When members of Congress vote to corral the president’s power to launch offensive military strikes in places such as Iran, it feels like a welcome oasis in the dry, parched earth of legislative accountability

Kristin Murphy, Deseret News

Congress has too eagerly abdicated many of its constitutional powers in recent years, preferring to let presidential executive orders and Supreme Court decisions drive solutions to controversial policy decisions on matters such as immigration reform, trade and military conflicts.

So when members of Congress vote to corral the president’s power to launch offensive military strikes in places such as Iran, as they did Thursday, it feels like a welcome oasis in the dry, parched earth of legislative accountability.

The Constitution gives Congress the power to declare war, and while details about the executive branch’s ability to respond to emergencies or to direct necessary military strikes has raged virtually since the start of the republic, the people’s representatives have a duty to safeguard against the abuse of power.

Congress also holds the purse strings needed to fund military actions, which is a powerful tool, should its members gather the backbone to use it.

We find it notable that Utah Sen. Mike Lee was one of eight Republicans who defied President Donald Trump on Thursday by voting in favor of a war powers measure that restrains the president from launching further attacks against Iran without congressional approval.

Politics leads to strange twists and turns. Not many days ago, Utah Sen. Mitt Romney stirred controversy by voting with Democrats to find the president guilty of an abuse of power in the impeachment trial. Lee voted to acquit. Now, on this important matter, Lee opposed Trump while Romney supported him.

In this case, Lee’s defiance, like Romney’s vote last week, likely won’t amount to much in any practical sense. The House is sure to pass a similar measure, but President Trump is equally certain to veto it. Congress lacks the two-thirds majority needed to overturn such a veto.

But the vote sends an important message. That message is not, as the president and his supporters argued, that the United States is weak and its leaders are willing to let small countries push them around. It is that strength comes through the rule of law, and that the American people should have a say, through their elected representatives, in the launching of any offensive military strike.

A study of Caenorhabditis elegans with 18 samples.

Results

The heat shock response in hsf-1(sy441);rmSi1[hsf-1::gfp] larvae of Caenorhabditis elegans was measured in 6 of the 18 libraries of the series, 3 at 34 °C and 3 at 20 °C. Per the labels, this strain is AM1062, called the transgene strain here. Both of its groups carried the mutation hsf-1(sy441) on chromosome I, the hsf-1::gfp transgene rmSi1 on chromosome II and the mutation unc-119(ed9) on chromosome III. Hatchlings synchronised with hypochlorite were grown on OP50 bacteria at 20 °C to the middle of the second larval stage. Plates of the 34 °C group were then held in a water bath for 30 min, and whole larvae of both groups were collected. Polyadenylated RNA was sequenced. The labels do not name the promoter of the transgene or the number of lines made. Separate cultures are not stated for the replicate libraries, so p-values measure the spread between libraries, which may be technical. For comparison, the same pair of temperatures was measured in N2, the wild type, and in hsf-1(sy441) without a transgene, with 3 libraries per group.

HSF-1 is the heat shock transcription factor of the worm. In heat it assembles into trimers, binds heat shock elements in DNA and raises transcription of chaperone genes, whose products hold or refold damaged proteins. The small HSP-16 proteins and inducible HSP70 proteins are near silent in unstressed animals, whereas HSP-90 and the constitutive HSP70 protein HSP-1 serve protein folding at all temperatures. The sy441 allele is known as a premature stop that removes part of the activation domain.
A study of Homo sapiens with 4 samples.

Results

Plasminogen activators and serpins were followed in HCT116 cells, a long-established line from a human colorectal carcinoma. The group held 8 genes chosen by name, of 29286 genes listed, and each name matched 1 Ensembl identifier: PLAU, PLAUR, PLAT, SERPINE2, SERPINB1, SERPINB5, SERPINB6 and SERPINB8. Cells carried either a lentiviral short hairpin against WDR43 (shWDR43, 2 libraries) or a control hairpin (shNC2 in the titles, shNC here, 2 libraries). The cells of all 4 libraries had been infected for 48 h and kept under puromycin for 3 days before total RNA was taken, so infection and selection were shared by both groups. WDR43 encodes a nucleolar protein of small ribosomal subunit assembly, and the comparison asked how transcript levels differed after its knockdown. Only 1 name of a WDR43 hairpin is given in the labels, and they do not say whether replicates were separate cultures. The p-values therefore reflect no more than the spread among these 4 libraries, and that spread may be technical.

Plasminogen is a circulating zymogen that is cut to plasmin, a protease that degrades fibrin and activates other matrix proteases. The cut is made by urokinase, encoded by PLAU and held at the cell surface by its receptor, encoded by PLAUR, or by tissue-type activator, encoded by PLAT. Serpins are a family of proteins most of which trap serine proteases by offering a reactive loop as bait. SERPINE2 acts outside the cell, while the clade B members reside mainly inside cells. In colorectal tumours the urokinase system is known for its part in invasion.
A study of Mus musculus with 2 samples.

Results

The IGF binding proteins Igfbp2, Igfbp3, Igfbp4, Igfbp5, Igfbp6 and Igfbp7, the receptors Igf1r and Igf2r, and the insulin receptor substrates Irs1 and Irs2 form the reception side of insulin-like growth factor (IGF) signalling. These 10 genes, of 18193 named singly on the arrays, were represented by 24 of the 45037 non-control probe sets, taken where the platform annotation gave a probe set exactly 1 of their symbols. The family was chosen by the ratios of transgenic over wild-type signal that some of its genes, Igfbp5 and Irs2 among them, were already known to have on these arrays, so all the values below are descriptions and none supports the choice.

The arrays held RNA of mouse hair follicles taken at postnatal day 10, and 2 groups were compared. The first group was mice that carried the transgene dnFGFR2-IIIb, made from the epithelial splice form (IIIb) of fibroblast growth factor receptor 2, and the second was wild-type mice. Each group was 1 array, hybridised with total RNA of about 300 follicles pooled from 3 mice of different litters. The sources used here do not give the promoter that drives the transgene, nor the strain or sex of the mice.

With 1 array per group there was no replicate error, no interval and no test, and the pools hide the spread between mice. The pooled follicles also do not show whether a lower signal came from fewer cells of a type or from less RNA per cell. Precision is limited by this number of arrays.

As both supporters and opponents of this measure agree, presidents should have the power to use the military to defend the nation, either from a real attack or one intelligence officials demonstrate is imminent. But presidents do not have the power to launch offensive measures or engage in prolonged military campaigns without congressional approval.

In the most recent case, President Trump decided to launch a deadly strike against Iranian Maj. Gen. Qassem Soleimani. That successful effort nearly led to a war with Iran.

Not only did the president not consult Congress before launching that strike, Lee criticized a subsequent briefing on the attack as vague and insulting.

Trump is hardly the first president to assert war-making powers. George Washington ran afoul of Congress by ordering military action against Native American tribes. The long-running dispute over these powers tends to focus on the definition of what constitutes a legitimate threat to national interests. But without that debate, and without Congress setting boundaries, the president would be no different than the king of England, whose exercise of sovereign powers led to the American Revolution in the first place.

We note that Lee also has expressed concerns over the war in Afghanistan, saying the time has come for Congress to end it. This, too, is worthy of debate by representatives of the people, thousands of whom have relatives among the casualties.